ARIZONA CARDINALS

NFL.com writer: David Johnson best of 2015 RB class, has no ceiling

May 5, 2017, 10:04 AM | Updated: 1:32 pm
Arizona Cardinals running back David Johnson (31) during an NFL football game against the Washingto...
Arizona Cardinals running back David Johnson (31) during an NFL football game against the Washington Redskins, Sunday, Dec. 4, 2016, in Glendale, Ariz. (AP Photo/Rick Scuteri)
(AP Photo/Rick Scuteri)

Six different running backs were chosen before the Arizona Cardinals grabbed David Johnson with the 86th pick in the 2015 NFL Draft.

Two of the runners picked before Johnson — the Rams’ Todd Gurley and the Chargers’ Melvin Gordon — have reached the Pro Bowl. The other three — a group which includes Ameer Abdullah, who went to the Lions in the second round before the Cardinals could pick him — have had varying degrees of success, though none have established themselves as franchise backs.

Then there’s Johnson, who followed up a good rookie season with a historic 2016 campaign, where he notched 100 yards from scrimmage in an NFL record 15 straight games to start the season while accumulating a franchise record (and league-best) 2,118 scrimmage yards and 20 total touchdowns.

It’s probably safe to say if teams could do it over, Johnson — who suffered an MCL sprain in Week 17 but has completely recovered — would be the first running back off the board.

While not necessarily out-of-the-box thinking, it is amusing in that with as much effort goes into identifying the very best talent, sometimes luck — or situations, or any number of factors — matters more than anything.

At any rate, with it all put together, the way NFL.com’s Gregg Rosenthal sees it, when re-ranking the 2015 RB class, Johnson is head and shoulders above all else. The Northern Iowa product is in the “No ceilings” group, which has just one member.

Rosenthal pointed to Johnson’s performance against the Seattle Seahawks in a Week 16 victory, where he ran for 95 yards and three scores while also catching four passes for 41 yards.

It’s bizarre to think back to the draft profiles and scouts who questioned Johnson’s toughness and power, saying he played running back like a receiver. In the final 20 minutes at Seattle, Johnson touched the ball 13 times for 99 yards and two scores to key an Arizona victory. He did it mostly with power, fighting for extra yards, excelling at resetting and finding a new hole after breaking a tackle. Johnson had 73 touches just against the Seahawks last season, a snapshot of a year in which Johnson answered any questions about his ability to be a workhorse.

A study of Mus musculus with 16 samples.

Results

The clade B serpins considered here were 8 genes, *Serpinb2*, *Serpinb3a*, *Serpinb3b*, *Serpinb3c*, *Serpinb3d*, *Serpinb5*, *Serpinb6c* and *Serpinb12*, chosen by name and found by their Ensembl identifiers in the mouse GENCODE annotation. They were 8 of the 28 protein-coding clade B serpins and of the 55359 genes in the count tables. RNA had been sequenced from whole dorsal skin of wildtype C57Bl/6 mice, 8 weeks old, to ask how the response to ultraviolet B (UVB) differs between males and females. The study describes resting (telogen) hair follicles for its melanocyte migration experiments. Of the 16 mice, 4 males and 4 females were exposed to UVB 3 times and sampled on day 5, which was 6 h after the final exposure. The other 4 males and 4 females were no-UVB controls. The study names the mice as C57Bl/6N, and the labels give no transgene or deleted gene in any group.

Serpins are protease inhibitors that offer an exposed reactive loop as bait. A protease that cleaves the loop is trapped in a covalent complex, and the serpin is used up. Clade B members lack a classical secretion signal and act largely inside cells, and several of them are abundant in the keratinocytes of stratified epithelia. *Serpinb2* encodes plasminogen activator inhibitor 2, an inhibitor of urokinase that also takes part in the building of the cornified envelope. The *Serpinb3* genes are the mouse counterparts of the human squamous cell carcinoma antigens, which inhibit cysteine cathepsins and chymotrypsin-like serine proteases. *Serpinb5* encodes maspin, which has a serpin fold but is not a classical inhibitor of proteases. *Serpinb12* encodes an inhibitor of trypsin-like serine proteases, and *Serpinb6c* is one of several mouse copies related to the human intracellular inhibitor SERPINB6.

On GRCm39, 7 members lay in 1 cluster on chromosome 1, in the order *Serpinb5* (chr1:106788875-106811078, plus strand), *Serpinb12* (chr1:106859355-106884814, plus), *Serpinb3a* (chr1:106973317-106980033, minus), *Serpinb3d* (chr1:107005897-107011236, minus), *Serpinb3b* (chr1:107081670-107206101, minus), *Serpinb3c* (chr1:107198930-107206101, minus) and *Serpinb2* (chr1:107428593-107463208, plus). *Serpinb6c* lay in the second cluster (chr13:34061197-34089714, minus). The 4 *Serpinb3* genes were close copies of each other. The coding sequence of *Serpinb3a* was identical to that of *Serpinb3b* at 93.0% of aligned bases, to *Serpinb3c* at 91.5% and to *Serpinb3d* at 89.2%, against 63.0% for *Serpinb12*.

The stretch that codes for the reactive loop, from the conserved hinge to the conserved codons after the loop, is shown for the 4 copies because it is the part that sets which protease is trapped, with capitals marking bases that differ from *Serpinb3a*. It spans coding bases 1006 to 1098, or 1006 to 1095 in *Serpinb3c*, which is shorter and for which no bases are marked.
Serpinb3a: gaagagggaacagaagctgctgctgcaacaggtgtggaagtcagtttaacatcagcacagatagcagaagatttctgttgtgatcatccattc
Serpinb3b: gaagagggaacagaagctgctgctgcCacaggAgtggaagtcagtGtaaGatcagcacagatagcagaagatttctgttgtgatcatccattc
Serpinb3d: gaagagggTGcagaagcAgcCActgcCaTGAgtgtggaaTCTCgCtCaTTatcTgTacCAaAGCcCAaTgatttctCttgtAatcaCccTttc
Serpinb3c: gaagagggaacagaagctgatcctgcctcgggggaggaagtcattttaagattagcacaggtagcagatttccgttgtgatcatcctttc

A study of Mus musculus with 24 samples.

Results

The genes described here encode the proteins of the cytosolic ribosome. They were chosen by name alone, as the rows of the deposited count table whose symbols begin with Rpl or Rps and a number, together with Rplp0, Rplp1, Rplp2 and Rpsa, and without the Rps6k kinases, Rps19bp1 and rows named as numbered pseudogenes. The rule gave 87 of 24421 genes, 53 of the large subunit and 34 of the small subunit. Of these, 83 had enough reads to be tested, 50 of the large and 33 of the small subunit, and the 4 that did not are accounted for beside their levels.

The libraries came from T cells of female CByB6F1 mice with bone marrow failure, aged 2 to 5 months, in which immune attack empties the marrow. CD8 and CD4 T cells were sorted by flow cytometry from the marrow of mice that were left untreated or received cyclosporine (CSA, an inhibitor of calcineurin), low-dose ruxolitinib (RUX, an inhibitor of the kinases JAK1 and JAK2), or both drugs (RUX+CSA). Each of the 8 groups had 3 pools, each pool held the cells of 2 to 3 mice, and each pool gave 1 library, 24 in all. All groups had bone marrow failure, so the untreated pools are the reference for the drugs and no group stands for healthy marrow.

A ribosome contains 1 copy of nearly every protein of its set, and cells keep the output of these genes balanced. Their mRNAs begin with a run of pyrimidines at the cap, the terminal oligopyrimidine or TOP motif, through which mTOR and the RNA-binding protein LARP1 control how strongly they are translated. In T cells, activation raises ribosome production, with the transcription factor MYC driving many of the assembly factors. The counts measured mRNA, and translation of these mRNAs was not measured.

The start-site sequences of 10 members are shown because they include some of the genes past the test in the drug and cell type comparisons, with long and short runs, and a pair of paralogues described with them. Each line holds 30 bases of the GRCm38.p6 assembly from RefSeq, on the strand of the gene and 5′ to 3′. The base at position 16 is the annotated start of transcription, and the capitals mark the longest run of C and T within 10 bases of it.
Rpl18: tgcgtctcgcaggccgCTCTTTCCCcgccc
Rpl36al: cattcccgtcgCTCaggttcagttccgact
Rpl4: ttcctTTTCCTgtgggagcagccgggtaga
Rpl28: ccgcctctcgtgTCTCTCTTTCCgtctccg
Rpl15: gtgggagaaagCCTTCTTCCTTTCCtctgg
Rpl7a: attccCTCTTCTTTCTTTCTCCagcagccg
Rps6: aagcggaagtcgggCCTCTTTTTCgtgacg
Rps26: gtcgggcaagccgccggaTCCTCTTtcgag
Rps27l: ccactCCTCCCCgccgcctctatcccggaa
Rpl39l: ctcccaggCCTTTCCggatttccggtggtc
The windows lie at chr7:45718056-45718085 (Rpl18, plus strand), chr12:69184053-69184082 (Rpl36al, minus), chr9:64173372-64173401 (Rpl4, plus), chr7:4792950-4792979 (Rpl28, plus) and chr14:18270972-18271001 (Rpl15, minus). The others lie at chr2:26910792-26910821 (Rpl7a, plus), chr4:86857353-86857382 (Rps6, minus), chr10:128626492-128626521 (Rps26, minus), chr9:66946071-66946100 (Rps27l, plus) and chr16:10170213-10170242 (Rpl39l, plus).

What makes Johnson transcendent, however, is how he closed the Seahawks out with two catches. The kill shot came on a go-route where he lined up wide, beating safety Kam Chancellor before coming back to the football like a seasoned wide receiver. Perhaps those scouts now see that playing running back like a receiver is a good idea.

Johnson was the very definition of a workhorse for the Cardinals last season. Of the 782 total receptions or rushing attempts — a number that includes quarterback runs or kneel downs — Johnson was the ball carrier or receiver on 373, or roughly 48 percent.

According to Cardinals coach Bruce Arians, it does not sound like that workload is in danger of being decreased, so it’s reasonable to expect his monster production to continue.

Rosenthal went on to add that it would be unfair to put crazy expectations on Johnson, 25, going forward, but cautioned that it is also unfair to ask defenses to stop the running back’s diverse skill set.

It’s as if the football gods gave Emmitt Smith the receiving ability of Marshall Faulk. Johnson sees the ball on third-and-short and is often the primary receiver on third-and-long. He can run inside but also innately feels when a defender is near, jump-cutting away before the pressure gets there. Opponents rarely hit him squarely.

The writer went on to note that Johnson and the Pittsburgh Steelers’ Le’Veon Bell are the only two players in NFL history to post a season with at least 1,200 rushing yards and 800 receiving yards by their second NFL season, adding that Arizona’s star has a chance to reach uncharted territory.